Sisters Are Driving It For Themselves!
A spin on the Eurythmics anthem ‘Sisters Are Doin’ It For Themselves’ sung by Annie Lennox perhaps, but statistics show, more women are ‘driving it for themselves’ these days!
When the majority of people think about lorry drivers the obvious stereotype is of a big bearded guy with a Yorkie bar in hand, CB radios and truck-stops with greasy burgers… How times change!
You will always find a greasy spoon out there somewhere, though most cafe’s are changing as people have become more health conscious these days. Trucks however are now very much built for comfort and efficiency, with the latest gadgets and home comforts for drivers spending days out on the road on long-haul journeys. The industry and the roads have changed greatly, and these days anyone can now drive a lorry for a living. It is for that reason we are now seeing the emergence of a new kind of driver behind the wheel!
Bring on the girls!
The number of women getting behind the wheel of a HGV or LGV is growing rapidly because driving a lorry is no longer to do with size and strength. It’s now more brains than brawn because the modern technology in the trucks of today requires very little physical prowess compared to those of years gone by. With automatic gearboxes, power steering, navigation systems and electronic coupling mechanisms -it is now more about the ability to actually drive the vehicle, use the technology and get the job done.
More women than ever are looking at commercial driving as a career. There has been a four-fold increase in women driving HGV’s for a living since 2013, having risen from 0.5% to 2% of the workforce. This has generally been well received in what had been a traditional male dominated haulage industry. Logistics and haulage companies have become increasingly open to recruiting female drivers into their workforce. The industry has in fact implemented policies aimed at welcoming women into the commercial driving.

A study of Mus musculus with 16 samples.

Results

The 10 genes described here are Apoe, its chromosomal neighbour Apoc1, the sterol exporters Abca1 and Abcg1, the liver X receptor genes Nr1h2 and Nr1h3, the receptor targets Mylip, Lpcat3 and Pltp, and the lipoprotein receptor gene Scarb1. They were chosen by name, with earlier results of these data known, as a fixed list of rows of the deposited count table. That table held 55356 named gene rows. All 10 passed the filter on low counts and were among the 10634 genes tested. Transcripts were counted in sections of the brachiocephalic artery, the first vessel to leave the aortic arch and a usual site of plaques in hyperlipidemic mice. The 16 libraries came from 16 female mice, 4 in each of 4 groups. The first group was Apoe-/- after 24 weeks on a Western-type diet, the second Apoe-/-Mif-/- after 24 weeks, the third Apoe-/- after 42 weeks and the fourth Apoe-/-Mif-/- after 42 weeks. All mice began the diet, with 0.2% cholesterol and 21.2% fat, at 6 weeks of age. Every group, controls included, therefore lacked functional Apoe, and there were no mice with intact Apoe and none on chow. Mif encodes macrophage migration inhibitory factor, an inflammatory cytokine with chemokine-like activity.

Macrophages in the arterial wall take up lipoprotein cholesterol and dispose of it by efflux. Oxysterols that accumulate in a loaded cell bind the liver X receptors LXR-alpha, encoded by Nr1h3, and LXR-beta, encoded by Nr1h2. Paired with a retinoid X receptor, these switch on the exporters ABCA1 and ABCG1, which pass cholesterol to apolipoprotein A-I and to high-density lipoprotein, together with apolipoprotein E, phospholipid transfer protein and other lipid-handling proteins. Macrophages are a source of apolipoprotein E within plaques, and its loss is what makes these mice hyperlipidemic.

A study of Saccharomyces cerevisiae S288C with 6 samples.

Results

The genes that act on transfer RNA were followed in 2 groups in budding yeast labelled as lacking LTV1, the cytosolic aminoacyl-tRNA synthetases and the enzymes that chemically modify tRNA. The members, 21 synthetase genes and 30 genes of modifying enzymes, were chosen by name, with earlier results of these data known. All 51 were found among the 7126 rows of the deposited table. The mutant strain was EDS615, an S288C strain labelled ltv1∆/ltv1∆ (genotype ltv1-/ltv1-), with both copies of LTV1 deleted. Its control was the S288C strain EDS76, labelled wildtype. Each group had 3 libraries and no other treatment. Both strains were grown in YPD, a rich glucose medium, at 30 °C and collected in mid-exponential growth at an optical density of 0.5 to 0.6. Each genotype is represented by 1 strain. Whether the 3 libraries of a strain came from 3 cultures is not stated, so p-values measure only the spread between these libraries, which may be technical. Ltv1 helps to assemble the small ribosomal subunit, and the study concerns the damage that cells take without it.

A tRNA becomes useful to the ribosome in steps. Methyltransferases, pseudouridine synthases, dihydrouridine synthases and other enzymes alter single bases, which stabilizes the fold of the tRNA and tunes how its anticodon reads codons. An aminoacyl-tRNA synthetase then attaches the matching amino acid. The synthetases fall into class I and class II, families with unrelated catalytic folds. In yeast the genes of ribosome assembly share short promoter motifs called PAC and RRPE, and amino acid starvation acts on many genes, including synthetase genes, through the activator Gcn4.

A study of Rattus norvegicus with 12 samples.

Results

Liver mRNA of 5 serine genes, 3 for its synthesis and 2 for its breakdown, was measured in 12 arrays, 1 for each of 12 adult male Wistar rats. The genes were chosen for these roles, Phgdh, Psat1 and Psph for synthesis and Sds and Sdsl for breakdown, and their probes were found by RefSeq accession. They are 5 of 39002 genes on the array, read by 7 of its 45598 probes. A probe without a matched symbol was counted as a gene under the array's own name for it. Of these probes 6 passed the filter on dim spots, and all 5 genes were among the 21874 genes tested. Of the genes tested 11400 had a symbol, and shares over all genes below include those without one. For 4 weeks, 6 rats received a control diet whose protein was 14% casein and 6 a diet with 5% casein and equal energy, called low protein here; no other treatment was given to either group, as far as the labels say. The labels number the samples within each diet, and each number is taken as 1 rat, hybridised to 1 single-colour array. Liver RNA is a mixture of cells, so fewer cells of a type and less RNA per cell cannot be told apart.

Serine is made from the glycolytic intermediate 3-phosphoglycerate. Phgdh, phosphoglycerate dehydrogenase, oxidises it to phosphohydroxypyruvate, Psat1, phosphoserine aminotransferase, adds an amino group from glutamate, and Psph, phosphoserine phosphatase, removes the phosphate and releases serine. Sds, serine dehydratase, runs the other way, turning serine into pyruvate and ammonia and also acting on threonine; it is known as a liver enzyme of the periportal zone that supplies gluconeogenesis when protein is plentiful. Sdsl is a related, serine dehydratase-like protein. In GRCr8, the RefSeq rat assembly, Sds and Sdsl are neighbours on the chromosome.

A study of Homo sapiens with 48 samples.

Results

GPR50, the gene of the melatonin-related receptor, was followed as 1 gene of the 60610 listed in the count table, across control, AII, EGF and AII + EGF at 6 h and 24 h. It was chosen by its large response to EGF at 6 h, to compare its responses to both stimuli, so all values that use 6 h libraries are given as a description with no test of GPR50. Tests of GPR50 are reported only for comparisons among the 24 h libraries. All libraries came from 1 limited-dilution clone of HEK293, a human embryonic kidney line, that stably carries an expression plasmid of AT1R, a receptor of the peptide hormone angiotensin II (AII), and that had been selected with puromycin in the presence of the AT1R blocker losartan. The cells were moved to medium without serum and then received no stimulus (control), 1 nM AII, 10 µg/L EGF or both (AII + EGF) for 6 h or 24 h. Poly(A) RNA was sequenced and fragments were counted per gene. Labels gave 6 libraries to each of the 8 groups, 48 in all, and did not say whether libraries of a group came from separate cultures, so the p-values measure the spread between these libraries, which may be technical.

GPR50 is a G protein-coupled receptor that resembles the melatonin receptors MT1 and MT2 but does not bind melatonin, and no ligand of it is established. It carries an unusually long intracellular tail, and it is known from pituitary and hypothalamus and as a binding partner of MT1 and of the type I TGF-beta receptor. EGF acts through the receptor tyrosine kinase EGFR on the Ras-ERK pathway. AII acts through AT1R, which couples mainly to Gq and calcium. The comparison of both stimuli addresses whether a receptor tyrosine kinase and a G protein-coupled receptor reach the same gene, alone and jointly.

Women In Transport
Transport For London are also running a scheme called Women In Transport (WIT) to encourage women into the transport industry, as they put it “To diversify and strengthen our workforce, we’re attracting more women and young people to our industry.” Read more here. They have also produced profiles on women working across the industry Women in transport profiles and page a on their website celebrating 100 years of women in transport.
Women Could Solve The Shortage Of HGV Drivers
As it stands there is serious national shortage of HGV drivers, with current estimates reporting the shortage to be approximately 45,000 drivers. To compound matters, the average age of HGV drivers on the roads in the UK is 57. This aging workforce means that around 10% of the HGV drivers will retire in the next 10 years, so the shortage has the potential to increase significantly. Recruiters are also finding it is becoming increasingly difficult to recruit new male drivers into the industry and are increasingly recruiters are now reaching-out to female applicants to fill this gap.
For the haulage industry, the prospect of recruiting female drivers may well solve this shortage. Fundamentally, there is no reason why women should not be employed as HGV drivers, as long as they have a suitable HGV licence, the ability and experience required to do the job.
The Youngest Female HGV Driver
In 2010 Katie Gillard obtained her HGV Category C licence at the age of just 18. She was featured in an article in The Guardian a ‘Meet the women doing ‘men’s work’ and could be considered a role model for those looking to work in a male dominated industry. Like many women venturing into this career, she had to put up with a lot of teasing.
The first time I sat behind the wheel was terrifying, but I picked it up pretty quickly. I work with my father, Andrew, who owns a quarry. I’m used to people doing a double-take when I’m driving. I get it every day, particularly when I’m sitting in traffic. It doesn’t bother me too much. I really enjoy driving.
At RSM we have seen a definite increase in women learning to drive with us – in HGV’s, LGV’s, PCV’s, minibuses and ambulances. So, bring on the girls! Start learning with RSM today!
Training To Drive A HGV
At RSM our HGV driver training is open to anyone who wishes to obtain a licence, regardless of their gender. As a holder of a full UK driving licence who is over the age of 18 you can start training. We have male and female driving instructors available to teach you to drive a HGV, LGV, PCV, bus, coach, minibus or ambulance.
Would you like to learn to drive a HGV? – Contact us today!
If you are interested in starting a career in commercial driving, why not get in touch with our team for some professional advice on how to get started?
Call us on: 01268 695 909
Alternatively, use the Contact Us page to submit your details and obtain a free vocational pack containing the relevant forms and information to apply for your provisional licence and start your commercial driving career. You can also use the Apply Now page to request a booking for your driver training.